A lot of people joke about how pregnant women crave weird things like pickles and ice cream, and I guess half of that is true for me because for both of my pregnancies now it's been pickles! I also crave fresh fruit, so all in all I guess I go on a citrusy/sweet/juicy kick. I never hold back on my fruit intake, but have been trying to limit my pickles to just one a day since I always assumed they weren't very healthy. Well, yesterday I heard the contrary on a quick radio tidbit about how pickles ARE a healthy part to our diets....yippee! So, pick up a bottle of pickles and snack away! My fav. kind is Nalley's Kosher Dill Spears with Garlic Seasoning (as pictured right). For more details on healthy pickles, you can visit this online article. For those of you who don't have the time, here's what I consider to be the most relevant findings...
Pickles are a popular snack, side dish, and condiment. But did you know that pickles are also a healthy part of your diet? There are many different pickle recipes out there, but each version has its own healthy benefits depending on the ingredients that went into the pickle and the method used for pickling, whether fermented or packed with vinegar. Pickles are great for most diets because not only are they low in calories, and low in fat or fat-free, many versions are also low in sugar.
Pickles are also a healthy edition to your diet for other reasons. Pickles, being made from cucumbers or other vegetables, are high in fiber which is necessary for digestive health and fighting cancer. They also contain antioxidants, which fight free-radicals, which can be a good source of calcium, magnesium, and iron. The recommendation by most health professionals is to eat five servings of vegetables and fruit each day. Eating pickles is a great way to get a daily serving or two of your five-a-day!
The spices with which pickles are made are also healthy. For example, dill and garlic, both of which are popular in pickles, both have the ability to regulate bacterial growth. Dill and other spices also contain flavonoids, which is a healing addition to your diet. Mustard seeds are known to be good for digesting foods and even turmeric powder has medicinal properties and is believed to lower rates of Alzheimer's disease.
While exploring this topic, I also thought I'd google why pregnant women crave the foods that they do and found this list from this online article.
Why Pregnant Women Crave Certain Foods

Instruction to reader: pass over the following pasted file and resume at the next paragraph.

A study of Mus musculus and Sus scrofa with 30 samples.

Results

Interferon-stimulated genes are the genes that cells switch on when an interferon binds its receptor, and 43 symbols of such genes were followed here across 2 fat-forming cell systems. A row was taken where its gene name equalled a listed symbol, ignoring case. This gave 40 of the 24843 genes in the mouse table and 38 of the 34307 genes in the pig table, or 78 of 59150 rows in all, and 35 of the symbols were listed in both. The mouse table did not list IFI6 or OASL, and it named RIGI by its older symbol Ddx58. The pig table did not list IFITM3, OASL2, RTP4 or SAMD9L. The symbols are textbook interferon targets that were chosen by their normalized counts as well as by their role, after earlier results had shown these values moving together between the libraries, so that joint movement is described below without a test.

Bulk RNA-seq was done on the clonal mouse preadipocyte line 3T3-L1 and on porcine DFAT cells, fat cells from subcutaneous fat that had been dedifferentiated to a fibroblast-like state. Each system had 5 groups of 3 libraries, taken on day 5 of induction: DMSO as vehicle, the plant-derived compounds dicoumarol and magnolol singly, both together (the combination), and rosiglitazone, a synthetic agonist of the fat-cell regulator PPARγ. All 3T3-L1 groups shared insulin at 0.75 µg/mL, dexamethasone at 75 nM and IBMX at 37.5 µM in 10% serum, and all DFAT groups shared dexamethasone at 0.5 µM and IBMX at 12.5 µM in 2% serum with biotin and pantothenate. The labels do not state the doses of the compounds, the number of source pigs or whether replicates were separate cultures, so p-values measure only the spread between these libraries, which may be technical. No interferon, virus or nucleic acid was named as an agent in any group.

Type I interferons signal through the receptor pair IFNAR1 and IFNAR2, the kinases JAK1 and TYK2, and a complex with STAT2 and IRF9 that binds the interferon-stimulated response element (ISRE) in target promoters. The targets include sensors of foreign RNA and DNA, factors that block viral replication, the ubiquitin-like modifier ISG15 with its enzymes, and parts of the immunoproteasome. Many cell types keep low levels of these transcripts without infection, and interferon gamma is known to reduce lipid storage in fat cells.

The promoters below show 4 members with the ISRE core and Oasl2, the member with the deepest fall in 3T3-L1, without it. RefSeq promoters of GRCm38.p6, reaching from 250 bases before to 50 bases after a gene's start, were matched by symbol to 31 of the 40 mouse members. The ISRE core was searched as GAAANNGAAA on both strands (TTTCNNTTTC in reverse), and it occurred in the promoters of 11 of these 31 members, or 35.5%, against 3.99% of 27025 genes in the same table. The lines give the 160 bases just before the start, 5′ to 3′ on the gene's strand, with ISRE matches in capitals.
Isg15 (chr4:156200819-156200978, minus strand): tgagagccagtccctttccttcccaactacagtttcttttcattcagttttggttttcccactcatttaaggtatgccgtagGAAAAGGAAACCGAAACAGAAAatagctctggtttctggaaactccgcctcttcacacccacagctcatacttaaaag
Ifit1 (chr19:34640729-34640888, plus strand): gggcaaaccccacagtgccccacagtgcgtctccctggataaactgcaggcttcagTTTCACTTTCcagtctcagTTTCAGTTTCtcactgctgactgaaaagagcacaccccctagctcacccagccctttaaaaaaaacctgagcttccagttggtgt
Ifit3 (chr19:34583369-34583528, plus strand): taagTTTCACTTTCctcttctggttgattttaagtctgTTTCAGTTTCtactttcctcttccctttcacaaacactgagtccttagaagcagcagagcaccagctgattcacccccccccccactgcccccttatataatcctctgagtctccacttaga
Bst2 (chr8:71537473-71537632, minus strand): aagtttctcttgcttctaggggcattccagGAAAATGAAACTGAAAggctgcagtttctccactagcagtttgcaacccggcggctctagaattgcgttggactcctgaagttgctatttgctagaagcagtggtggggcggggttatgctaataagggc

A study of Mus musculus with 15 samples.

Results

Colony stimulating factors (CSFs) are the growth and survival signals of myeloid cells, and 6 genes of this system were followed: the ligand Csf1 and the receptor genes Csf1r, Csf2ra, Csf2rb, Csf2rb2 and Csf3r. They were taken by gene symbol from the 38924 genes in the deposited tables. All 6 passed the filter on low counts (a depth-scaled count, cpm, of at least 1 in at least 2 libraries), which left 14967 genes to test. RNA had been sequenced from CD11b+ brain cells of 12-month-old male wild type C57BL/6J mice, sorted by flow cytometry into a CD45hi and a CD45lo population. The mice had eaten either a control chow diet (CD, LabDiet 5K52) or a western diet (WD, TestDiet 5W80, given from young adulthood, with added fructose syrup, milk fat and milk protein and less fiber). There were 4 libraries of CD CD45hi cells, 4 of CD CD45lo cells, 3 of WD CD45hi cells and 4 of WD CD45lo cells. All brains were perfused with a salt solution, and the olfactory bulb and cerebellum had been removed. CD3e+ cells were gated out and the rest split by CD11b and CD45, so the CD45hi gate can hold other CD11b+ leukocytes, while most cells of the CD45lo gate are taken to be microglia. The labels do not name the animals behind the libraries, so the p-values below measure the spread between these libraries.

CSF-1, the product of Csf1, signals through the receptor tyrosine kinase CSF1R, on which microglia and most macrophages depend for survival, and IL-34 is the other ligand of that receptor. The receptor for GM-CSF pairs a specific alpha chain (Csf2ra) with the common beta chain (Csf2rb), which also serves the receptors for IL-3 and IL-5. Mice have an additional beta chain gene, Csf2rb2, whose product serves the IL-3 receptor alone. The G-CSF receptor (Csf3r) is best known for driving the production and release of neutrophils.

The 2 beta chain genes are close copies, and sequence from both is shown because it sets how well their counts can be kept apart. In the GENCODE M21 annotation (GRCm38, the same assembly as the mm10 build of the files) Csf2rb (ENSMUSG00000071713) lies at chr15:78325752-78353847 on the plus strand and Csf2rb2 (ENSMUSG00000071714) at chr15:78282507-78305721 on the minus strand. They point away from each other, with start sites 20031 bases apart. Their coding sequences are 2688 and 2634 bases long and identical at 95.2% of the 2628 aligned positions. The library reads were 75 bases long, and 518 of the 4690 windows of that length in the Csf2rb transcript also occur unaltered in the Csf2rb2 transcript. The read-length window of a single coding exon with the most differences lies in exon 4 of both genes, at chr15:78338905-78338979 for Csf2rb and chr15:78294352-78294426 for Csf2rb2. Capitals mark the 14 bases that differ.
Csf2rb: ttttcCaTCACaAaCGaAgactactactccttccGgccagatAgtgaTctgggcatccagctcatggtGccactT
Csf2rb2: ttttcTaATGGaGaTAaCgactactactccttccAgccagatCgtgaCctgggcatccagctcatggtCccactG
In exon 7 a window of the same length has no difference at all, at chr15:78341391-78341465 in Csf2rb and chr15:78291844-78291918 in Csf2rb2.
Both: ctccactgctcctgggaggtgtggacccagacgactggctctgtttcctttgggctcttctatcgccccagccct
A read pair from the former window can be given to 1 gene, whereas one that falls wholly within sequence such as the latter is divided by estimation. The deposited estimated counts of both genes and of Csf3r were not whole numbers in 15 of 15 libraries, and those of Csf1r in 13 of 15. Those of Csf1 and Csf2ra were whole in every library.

There is no definitive answer as to why pregnant women crave certain foods in their diet. In fact, it is also common for pregnant women to experience no cravings at all. Nonetheless, several explanations have been put forth by researchers trying to find the key to pregnant diet cravings:
Hormonal changes during pregnancy may alter a woman's sense of taste and smell making her crave food that she normally would not have enjoyed. This could also explain why menopausal women often experience food cravings and aversions.
Temporary nutritional deficiencies may cause cravings; however, this reason would not explain why some women crave more than enough amounts of certain nutrients. Nonetheless, a craving for pickles could indicate low sodium levels in the blood, while craving chocolate may be triggered by a vitamin B deficiency. A craving for red meat may indicate a need for protein, while cravings for peaches might be a result of low beta carotene levels.
Emotional needs are known to be connected with food intake. A pregnant woman may be craving certain foods, consciously or subconsciously, as a response to emotional needs. Many pregnant women crave nostalgic foods that remind them of their childhoods or religious and cultural background, particularly if they are removed from it.
Warding off pregnancy symptoms such as morning sickness and nausea may be the basis for certain food aversions as well as pica cravings of non-food items during pregnancy. Substances like baking soda are known for calming digestive discomfort, while coffee, alcohol, and fried foods may induce nausea as well as harm your baby.